Terry Haines left city politics after eight years on the Kodiak City Council, but said he is now ready to use that expertise as a borough assembly member.
“It seems to be something I have something of an aptitude for – at least it doesn’t drive me completely crazy the way it drives a lot of people,” he said.
Haines has spent over 30 years as a fisherman in Kodiak and initially became involved in politics over fisheries issues, he said.
“What I found out was that if you don’t show up and represent yourself, you don’t get representation,” he said. Similarly, the island’s elected representatives should represent the community in matters of state and federal fisheries management to ensure their decisions are fair to Kodiak communities, he said.
“For our rural communities, access to the resources that are right outside their back door in the ocean will probably be essential to their survival,” he said.
If elected, Haines would like to again serve on the Kodiak Fisheries Workgroup. He previously served as a city council representative to the group.
“I think it’s a vital way for our community to address these access issues, and we’ve been told from federal managers that the way our community has stepped forward to essentially give them information and to engage in the process has been at the forefront in the nation. They really appreciate what we’ve done. We need to continue to engage in that way,” he said.
Haines said he would like to see the assembly become more functional so that issues can be addressed more quickly.
“I think that the average citizen who pays taxes has a reasonable expectation that his business is done in a reasonable and timely manner, and that hasn’t always been the case,” he said.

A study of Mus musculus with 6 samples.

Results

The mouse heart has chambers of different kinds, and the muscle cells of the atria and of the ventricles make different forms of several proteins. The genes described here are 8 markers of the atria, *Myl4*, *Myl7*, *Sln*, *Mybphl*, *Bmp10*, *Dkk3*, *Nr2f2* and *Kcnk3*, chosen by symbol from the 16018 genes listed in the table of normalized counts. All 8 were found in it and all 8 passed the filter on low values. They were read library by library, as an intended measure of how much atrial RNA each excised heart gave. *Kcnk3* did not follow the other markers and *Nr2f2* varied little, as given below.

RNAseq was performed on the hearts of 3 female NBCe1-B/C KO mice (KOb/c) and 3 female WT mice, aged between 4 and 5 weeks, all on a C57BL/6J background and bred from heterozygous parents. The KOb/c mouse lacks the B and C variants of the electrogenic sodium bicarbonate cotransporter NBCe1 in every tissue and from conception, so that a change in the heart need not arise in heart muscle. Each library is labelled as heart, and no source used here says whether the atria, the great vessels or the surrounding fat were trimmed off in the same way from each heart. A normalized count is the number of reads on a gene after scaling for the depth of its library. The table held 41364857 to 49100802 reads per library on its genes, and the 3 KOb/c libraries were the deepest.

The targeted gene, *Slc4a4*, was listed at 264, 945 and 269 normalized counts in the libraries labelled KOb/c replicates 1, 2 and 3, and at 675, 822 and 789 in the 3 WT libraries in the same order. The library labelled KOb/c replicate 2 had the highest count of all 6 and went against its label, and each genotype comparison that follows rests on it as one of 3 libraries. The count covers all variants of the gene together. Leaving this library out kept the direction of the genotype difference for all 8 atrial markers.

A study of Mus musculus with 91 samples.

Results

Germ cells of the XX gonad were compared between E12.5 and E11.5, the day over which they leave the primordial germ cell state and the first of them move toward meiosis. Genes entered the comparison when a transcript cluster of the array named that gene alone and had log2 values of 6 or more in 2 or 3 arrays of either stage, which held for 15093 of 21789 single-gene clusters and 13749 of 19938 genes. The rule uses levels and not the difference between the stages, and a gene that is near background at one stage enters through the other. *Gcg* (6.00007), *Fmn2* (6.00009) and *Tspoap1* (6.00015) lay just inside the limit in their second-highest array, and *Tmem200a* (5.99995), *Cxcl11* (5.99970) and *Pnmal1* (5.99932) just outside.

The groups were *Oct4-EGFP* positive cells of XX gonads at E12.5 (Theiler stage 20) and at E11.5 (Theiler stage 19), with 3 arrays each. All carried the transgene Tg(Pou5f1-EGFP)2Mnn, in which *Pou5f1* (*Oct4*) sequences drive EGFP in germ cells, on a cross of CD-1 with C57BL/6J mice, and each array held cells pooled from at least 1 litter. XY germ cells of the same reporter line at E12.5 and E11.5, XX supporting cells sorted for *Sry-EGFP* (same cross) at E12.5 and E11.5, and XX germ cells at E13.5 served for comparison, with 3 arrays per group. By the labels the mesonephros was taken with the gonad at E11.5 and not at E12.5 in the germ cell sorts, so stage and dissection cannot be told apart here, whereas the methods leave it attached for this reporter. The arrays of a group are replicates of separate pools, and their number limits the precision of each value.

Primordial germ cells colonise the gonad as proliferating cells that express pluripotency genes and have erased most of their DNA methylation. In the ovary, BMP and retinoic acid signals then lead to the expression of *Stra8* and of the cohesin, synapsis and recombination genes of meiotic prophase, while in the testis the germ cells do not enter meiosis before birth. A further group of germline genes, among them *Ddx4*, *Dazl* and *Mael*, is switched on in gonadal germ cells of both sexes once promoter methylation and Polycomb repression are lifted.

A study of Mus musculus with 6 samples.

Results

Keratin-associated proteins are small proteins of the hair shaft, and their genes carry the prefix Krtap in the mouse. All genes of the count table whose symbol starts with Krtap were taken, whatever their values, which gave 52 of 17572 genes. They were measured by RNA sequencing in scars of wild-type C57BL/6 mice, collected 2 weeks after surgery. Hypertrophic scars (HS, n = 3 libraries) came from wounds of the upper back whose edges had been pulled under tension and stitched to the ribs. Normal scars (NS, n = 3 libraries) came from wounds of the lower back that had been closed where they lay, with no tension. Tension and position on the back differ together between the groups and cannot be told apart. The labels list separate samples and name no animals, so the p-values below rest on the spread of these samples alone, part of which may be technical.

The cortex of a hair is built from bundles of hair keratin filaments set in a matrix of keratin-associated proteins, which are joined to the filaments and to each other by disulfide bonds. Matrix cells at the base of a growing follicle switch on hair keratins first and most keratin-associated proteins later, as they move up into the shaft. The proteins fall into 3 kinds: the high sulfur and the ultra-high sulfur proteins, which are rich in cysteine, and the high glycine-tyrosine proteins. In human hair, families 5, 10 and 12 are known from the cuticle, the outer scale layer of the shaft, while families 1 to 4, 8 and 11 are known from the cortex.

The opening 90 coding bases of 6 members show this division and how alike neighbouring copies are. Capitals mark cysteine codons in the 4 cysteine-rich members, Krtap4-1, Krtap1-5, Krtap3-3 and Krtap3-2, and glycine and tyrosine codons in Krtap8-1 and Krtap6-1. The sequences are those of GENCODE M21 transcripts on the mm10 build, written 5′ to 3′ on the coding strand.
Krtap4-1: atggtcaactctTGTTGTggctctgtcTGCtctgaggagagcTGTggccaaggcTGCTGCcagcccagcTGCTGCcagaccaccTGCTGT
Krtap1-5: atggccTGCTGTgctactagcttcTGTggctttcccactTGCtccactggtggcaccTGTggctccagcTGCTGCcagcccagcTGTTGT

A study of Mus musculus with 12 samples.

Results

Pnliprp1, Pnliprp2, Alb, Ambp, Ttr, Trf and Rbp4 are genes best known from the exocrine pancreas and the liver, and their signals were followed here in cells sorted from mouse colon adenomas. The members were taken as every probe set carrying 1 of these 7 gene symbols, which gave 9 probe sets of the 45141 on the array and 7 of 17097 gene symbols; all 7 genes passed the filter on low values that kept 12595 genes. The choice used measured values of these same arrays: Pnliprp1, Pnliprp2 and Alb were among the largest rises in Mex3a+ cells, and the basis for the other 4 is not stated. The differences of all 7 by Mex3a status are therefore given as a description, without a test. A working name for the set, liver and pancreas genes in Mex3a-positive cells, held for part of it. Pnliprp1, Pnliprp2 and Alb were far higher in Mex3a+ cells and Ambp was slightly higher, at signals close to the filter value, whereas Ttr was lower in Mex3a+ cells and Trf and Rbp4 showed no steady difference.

“It’s my belief that for municipal governments, the best way to do it is for everyone to come to the table, put what they have on the table,” he said. “I don’t think municipal government is anywhere to play politics. These are our friends and neighbors and people you see everyday.”
In addressing the budget, Haines said it is important for assembly members to leverage the assets they already have.
“In the end, you have to work with staff. You can’t be constantly second-guessing staff,” he said. “The worst thing someone on a position on the assembly can do is micromanage. You never want to micromanage. You let your staff work, and that hasn’t always been the case on the assembly.”
He believes the government should meet zoning issues head-on and ensure that building codes are followed to help minimize damage in the event of a natural disaster.
“It’s about having a community that’s well-planned and functional and won’t completely go haywire when something like this happens,” he said.
Haines said his strength is being able to connect with the community.
“I think maybe the thing that qualifies me the most is I like people,” he said. “I like talking to people and listening to them and trying to understand their perspectives. I think that’s essential.”